Lesser prairie-chicken aerial surveys to document population trends

Aerial surveys will begin March 16 and run through mid-May in five states containing lesser prairie-chicken habitat. The surveys are conducted annually by the Western Association of Fish and Wildlife Agencies to document population trends and how the bird is responding to management strategies identified in the Lesser Prairie-Chicken Range-wide Conservation Plan.

The range-wide plan is a collaborative effort of WAFWA and the state wildlife agencies of Texas, New Mexico, Oklahoma, Kansas and Colorado. It was developed to ensure conservation of the lesser prairie-chicken with voluntary cooperation of landowners and industry. The plan allows agriculture producers and industry to continue operations while reducing impacts to the bird and its grassland habitat.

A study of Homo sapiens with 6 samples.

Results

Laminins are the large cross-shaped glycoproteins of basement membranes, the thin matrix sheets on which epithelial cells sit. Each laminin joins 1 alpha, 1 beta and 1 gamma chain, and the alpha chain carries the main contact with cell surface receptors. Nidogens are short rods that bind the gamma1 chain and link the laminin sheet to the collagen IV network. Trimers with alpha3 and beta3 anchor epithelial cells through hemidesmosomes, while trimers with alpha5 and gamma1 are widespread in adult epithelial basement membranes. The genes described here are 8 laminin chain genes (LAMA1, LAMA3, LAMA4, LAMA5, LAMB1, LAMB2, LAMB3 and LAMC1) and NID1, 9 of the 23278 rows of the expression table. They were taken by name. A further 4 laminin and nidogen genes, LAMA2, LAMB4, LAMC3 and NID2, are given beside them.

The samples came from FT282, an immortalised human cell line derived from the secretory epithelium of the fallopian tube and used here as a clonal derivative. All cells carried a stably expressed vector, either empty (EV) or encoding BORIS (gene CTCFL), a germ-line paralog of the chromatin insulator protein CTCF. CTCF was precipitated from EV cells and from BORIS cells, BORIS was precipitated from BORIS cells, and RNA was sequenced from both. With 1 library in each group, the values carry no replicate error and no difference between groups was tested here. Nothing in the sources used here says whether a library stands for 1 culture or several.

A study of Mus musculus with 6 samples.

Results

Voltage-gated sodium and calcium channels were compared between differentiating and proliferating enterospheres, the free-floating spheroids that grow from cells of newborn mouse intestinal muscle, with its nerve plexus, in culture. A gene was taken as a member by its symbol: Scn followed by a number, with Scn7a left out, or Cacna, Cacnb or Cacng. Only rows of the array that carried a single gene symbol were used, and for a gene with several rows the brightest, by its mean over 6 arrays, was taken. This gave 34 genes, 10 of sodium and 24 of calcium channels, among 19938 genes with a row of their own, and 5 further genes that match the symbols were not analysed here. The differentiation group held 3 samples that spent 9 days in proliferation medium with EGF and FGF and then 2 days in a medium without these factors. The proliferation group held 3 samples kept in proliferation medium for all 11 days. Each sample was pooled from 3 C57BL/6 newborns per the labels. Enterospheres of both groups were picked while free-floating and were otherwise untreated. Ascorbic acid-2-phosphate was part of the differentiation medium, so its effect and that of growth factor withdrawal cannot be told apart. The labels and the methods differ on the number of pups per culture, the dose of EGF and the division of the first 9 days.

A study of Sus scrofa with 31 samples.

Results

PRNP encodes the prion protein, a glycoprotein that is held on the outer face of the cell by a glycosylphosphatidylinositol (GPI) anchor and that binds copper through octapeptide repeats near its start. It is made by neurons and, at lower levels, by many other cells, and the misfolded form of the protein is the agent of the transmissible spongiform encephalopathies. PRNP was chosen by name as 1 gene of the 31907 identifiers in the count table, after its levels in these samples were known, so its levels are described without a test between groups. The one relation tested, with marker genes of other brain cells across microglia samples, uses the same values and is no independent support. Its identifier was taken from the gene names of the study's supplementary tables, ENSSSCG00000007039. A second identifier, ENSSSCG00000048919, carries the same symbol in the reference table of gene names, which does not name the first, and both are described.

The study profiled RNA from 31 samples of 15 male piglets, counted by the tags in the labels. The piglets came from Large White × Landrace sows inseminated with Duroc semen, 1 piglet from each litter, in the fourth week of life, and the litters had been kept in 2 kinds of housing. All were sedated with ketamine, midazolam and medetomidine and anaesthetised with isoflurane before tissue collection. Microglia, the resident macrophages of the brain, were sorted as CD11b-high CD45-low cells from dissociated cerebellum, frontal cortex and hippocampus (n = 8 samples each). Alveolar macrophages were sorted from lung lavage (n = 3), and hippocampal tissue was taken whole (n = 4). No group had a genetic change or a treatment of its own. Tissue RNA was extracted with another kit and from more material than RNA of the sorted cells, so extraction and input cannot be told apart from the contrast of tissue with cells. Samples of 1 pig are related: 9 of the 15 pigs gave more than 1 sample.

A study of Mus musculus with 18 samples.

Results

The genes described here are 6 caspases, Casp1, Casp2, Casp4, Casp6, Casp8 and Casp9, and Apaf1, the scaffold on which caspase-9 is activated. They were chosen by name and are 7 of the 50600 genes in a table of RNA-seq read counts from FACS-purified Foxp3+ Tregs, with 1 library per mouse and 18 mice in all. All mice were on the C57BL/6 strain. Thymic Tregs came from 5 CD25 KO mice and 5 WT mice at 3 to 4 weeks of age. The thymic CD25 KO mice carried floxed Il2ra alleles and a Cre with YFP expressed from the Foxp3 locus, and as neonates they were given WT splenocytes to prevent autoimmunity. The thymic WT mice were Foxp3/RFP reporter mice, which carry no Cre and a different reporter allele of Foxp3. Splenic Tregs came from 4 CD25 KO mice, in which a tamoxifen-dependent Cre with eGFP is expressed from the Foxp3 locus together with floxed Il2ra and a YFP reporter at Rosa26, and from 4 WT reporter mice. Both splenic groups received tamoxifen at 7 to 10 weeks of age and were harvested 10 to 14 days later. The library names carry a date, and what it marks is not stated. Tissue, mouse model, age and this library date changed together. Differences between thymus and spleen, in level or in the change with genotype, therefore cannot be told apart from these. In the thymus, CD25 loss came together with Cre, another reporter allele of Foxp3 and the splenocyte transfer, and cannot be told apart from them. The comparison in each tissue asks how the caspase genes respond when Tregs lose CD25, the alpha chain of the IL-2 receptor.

“This survey is critical to provide annual estimates of the lesser prairie-chicken population across the five states,” explained Roger Wolfe, WAFWA’s lesser prairie-chicken program manager. “These population estimates help guide decisions related to conservation efforts targeting lesser prairie-chickens and their habitat.”

The surveys will be conducted by helicopter in locations chosen randomly within lesser prairie-chicken range, which is part of the methodology strategy. In previous years, some of the fly paths prompted calls, which is why WAFWA is providing notification about the start of aerial survey work.

Preliminary results from this year’s surveys will be available on July 1.